While recent polls suggest a rise in anti-refugee sentiment among Irish people, some politicians argue the situation needs to be framed differently.
A similarly large majority (76%) said they appreciate the anger felt about asylum seekers being moved into local areas, and 56% of people said they do not want refugees to move to their area.
Social Democrat TD Jennifer Whitmore said the headline of the Business Post poll was “framed in a very particular way” to express anti-asylum seeker sentiments.
“The headline didn't appear to delve into the reasons why but actually, there was another question asked in that poll,” she told Newstalk Breakfast.
“It asked people whether they were happy about State failure to provide accommodation for asylum seekers who have arrived – 50% of people were not satisfied.”
Deputy Whitmore said this shows people are generally more concerned about the lack of accommodation available for Irish people and refugees alike.
“We have buildings all over this country that are State-owned, that the Government hasn't even started turning into accommodation,” she said.
The Government made plans to create a feasibility study for accommodation over nine months – but Deputy Whitmore could not understand why the Government is taking this long and not putting proper systems in place to help Irish people and asylum seekers.
“We all know how challenging this is, but there are a number of things that the Government committed to doing and haven’t.”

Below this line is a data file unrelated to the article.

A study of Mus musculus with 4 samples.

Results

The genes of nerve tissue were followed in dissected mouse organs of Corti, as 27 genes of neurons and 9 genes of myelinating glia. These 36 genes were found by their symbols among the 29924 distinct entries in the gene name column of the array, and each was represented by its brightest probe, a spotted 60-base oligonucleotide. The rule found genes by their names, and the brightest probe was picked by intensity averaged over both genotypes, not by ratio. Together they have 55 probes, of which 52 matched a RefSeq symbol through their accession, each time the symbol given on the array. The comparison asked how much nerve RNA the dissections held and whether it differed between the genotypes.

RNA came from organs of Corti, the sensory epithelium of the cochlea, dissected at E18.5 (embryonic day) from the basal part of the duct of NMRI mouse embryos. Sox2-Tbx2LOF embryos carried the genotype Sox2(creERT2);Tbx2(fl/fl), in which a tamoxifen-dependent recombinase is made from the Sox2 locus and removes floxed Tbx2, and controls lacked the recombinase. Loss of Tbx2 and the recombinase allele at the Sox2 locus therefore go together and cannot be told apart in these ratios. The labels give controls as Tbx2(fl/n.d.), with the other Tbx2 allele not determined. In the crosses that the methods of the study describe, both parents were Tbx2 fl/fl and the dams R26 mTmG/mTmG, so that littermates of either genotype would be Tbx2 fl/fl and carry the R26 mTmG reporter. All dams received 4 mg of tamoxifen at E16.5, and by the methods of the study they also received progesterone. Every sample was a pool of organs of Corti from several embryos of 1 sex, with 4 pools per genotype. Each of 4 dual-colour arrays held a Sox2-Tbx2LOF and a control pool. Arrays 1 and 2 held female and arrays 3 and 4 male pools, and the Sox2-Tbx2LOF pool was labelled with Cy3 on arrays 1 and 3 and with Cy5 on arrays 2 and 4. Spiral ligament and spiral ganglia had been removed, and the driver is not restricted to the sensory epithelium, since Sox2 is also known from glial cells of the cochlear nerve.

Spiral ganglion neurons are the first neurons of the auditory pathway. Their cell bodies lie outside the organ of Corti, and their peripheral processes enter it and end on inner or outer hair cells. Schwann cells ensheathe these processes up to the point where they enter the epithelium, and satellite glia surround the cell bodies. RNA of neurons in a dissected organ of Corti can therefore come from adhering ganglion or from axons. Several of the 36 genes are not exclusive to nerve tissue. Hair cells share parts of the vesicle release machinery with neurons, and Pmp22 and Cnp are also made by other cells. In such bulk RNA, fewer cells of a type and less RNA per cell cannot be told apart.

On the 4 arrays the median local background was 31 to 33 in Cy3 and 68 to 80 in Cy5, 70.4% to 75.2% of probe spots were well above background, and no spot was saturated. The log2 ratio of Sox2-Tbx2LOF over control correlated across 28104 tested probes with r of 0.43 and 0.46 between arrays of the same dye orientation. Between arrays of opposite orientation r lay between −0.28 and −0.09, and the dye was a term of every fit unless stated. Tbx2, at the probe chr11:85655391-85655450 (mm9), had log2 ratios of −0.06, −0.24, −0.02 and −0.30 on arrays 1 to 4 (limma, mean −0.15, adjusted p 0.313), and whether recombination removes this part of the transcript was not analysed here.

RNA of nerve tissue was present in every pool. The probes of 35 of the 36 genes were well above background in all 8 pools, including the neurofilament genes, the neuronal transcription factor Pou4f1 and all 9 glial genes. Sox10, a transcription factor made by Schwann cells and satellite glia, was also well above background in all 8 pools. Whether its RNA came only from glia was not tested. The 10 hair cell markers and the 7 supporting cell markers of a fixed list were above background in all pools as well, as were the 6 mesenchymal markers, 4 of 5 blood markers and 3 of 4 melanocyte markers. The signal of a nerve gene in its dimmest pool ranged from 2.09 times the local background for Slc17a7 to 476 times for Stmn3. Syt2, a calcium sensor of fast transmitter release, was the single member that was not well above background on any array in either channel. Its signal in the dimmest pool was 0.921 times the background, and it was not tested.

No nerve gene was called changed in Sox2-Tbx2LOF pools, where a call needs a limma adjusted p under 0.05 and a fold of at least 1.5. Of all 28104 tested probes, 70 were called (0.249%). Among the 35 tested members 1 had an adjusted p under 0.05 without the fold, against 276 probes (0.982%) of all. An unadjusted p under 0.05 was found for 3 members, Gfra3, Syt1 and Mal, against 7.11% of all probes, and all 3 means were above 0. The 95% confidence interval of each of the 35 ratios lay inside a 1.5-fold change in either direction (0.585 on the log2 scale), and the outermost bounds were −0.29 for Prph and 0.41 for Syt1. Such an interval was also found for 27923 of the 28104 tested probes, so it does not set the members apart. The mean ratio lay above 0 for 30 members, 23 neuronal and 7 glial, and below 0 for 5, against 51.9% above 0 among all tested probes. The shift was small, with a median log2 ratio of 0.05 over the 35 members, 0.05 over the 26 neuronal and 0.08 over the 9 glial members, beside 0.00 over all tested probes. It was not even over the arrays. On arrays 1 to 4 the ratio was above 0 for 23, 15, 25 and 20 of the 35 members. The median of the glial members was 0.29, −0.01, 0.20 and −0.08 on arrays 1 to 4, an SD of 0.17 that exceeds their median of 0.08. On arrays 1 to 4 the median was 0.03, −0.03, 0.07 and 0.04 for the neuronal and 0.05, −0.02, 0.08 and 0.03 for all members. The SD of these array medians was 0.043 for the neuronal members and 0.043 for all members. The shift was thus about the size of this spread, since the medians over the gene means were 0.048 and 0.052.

"They want to play their part"
Fianna Fáil TD Cathal Crowe said the Government is “proud” of their response to the huge increase in refugees in Ireland – and the polls do not reflect any real prejudice.
He said people in local areas “want to play their part” with refugees – but it has been more difficult for the Government to communicate with residents recently.
“They were working in schools, fundraising and gathering clothes and food for refugees and now they're having meetings where they're asking you what's going on,” he said.
The TD for Clare said the agencies working with the Government were initially “well-coordinated” - but in recent weeks, the Government might find out about more refugees coming “overnight”.
“This proceeds to create a sour taste with communities out there,” he suggested.
Deputy Crowe said much of the confusion can be created by a lack of communication between agencies delivering refugees from Ukraine and agencies helping asylum seekers from countries outside of Europe.